Moving Beyond Digitized Agency Services to Deliver Truly Frictionless Government Experiences

Moving Beyond Digitized Agency Services to Deliver Truly Frictionless Government Experiences

Government agencies have long sought to use digital channels to deliver more efficient and effective services, but these efforts have achieved mixed results. In some cases, even small, local agencies have found ways to elevate resident experiences. In others, large states with ample budgets have sometimes fallen short of goals.

A major stumbling block has been the lack of consistency in service delivery from one agency to the next. Residents might have an excellent experience with one organization but then a cumbersome, frustrating encounter with the next.

The solution is to approach digitized service delivery in a more holistic and imaginative way. What if state, city and local governments could leverage a secure, distributed repository of reusable resident data, which residents could control and use to easily consume a broad range of services?

With the right data management strategy and technology, that vision is achievable today.

Digital Services Defects: One After One, but Never Done

Let’s say that, over the course of a week or two, a state resident wants to register to vote, request a duplicate vehicle registration, apply for child support, file a claim for unemployment compensation, and apply for emergency rental assistance.

She can perform all those tasks online. But for each of them, she faces a separate, repetitive process of filling out forms and providing personal information. Much of that information is duplicated, even though little of it is specific to the task at hand. Just as significant, she has no control over who accesses her data, and no clear knowledge of how that data is being protected and used.

Governments have tried to address these issues in a number of ways. Some agencies have created a single look and feel across online and mobile platforms. Some cities have provided single sign-on for multiple services. Some states have tried to offer a “common front door” or “no wrong door” approach for a multichannel experience.

But none of these efforts has addressed the fundamental issue: poor customer experiences resulting from onerous online processes, lack of visibility and control, and inefficient data management.

A New Vision: Self-Sovereign Identities & Cross-Agency Data Sharing

The solution is effective data management and secure data sharing that enables the creation of secure, government-wide digital resident identities. The result is truly frictionless government services, more satisfying customer experiences, and renewed resident trust in the agencies intended to serve them.

This innovative approach starts with a secure self-sovereign identity (SSI) accessible at the state, city or local level. Residents register once, providing definitive proof that they are who they say they are. They create a profile of core personal information – all the details any agency requires to deliver a specific service.

Crucially, residents retain full control of how their information is used. They can allow all agencies to access it by default. Alternatively, they can allow access by one agency but not another. Or, they can manually approve access by a new agency as the need arises.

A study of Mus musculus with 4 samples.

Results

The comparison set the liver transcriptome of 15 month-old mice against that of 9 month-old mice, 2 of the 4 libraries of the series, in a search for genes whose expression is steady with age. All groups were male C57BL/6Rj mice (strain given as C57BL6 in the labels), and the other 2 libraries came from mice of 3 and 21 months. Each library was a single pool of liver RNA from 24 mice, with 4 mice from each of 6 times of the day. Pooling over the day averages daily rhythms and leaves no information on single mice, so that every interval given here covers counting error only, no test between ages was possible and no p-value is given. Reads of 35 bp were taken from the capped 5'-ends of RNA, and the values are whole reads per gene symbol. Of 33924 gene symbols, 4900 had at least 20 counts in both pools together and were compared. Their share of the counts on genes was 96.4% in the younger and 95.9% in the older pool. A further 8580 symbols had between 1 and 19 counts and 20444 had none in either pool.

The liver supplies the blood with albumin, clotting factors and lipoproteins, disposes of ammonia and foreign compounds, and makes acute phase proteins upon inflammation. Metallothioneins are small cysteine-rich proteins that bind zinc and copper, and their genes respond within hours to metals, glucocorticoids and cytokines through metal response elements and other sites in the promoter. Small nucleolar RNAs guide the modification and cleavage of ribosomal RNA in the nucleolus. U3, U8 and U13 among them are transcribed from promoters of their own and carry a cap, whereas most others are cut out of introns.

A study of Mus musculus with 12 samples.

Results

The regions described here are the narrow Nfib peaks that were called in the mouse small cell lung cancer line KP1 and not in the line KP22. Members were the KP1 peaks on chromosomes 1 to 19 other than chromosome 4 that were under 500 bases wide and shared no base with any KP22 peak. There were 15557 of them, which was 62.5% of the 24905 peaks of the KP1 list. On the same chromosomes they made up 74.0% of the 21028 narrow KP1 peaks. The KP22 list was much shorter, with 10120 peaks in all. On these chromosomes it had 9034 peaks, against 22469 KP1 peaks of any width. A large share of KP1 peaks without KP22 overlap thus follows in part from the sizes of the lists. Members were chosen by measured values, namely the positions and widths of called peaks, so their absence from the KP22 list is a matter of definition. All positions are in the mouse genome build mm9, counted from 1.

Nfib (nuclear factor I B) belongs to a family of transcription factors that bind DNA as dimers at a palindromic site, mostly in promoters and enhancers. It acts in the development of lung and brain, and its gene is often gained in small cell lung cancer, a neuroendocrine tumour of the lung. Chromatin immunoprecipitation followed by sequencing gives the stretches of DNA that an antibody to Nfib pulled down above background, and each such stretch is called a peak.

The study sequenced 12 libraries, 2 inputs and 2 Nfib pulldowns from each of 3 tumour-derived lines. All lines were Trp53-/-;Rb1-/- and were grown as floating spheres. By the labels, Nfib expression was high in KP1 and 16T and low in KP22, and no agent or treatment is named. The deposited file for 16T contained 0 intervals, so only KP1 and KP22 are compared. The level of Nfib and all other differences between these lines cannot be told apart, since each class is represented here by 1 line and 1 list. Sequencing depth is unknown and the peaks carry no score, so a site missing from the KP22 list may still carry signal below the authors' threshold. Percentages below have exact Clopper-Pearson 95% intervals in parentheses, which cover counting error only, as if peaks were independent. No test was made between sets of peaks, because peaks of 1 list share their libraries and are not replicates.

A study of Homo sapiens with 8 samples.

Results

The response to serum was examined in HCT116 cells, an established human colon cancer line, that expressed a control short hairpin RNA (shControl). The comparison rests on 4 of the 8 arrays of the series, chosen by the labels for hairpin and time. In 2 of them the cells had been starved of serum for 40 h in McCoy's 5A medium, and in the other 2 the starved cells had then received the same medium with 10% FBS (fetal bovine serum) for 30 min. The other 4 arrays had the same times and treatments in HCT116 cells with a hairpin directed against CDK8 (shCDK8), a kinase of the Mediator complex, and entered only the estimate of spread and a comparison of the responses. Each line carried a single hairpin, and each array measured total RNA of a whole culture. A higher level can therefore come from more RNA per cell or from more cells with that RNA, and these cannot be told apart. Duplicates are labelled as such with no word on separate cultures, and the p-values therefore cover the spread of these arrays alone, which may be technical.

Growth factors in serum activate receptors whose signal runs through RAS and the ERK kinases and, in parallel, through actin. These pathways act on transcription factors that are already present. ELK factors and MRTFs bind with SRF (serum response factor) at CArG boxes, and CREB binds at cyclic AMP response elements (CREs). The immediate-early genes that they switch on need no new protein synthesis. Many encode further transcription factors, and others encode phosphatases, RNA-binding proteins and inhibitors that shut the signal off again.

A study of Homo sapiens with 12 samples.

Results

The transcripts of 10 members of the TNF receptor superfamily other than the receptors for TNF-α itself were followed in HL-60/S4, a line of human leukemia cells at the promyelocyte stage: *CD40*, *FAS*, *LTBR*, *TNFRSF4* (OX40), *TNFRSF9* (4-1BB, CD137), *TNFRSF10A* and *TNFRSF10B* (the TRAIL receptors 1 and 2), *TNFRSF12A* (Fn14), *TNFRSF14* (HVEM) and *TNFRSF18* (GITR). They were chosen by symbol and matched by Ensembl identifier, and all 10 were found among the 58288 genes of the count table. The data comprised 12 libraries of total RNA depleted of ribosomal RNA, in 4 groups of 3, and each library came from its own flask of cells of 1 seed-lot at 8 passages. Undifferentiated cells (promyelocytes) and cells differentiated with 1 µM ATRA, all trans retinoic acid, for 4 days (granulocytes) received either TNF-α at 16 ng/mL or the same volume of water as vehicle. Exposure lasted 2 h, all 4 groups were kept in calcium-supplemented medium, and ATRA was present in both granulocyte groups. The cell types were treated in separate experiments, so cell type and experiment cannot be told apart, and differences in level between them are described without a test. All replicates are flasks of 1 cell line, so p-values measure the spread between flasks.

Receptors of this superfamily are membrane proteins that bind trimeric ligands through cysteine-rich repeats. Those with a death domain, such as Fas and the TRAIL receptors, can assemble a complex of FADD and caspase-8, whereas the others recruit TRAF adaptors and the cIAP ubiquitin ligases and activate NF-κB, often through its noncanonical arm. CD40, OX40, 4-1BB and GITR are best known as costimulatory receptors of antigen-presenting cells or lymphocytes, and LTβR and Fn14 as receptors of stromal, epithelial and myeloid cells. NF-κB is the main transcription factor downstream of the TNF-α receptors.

In this way, residents can use their SSI to consume services government-wide. For each service, they need to provide additional details relevant only to that service. But their identity has already been authenticated by the secure data repository, and the core data they had to re-enter in the past is already available to the new service they want to consume.

At the same time, residents can be confident their data is safeguarded in a secure repository. They don’t have to worry about whether each agency is maintaining a secure system or whether their data is being used or shared without their knowledge.

A Ripple Effect of Digital Advantages

An initiative to establish SSIs might be spearheaded by a governor or mayor, or it might begin at the state or city CIO level. In other cases, innovative agencies might come together to lead the charge.

What’s required in any of these scenarios is an easy-to-access repository of trusted data –centralized or distributed – to enable data discovery, exploration, integration, and sharing. Also necessary are the technology to manage it, the tools to secure it and the legal framework to ensure safe and effective data sharing.

An example of how this approach can work is the Framework for Addiction Analysis and Community Transformation (FAACT), an initiative to combat opioid abuse in the Commonwealth of Virginia. Developed with the help of Voyatek, this data-sharing platform combines previously siloed information from agencies, secretariats, localities, social services, public safety, corrections, drug courts and more. FAACT has been so successful that it was expanded to better manage the Covid-19 crisis in the Commonwealth.

The benefits of SSIs and cross-agency data sharing would accrue to agencies and residents alike. Governments would have a single location where they could secure, manage and access resident information. They wouldn’t need to reinvest the time and effort to build that process into every agency service. They could also significantly reduce the amount of missing data and incomplete forms. And they could improve resident satisfaction and trust in government.

Residents, for their parts, would no longer have to endure an arduous, frustrating process every time they needed to interact with a government service. They would have peace of mind that their data is accurate and protected. And they’d have greater confidence and satisfaction in the government organizations intended to serve them.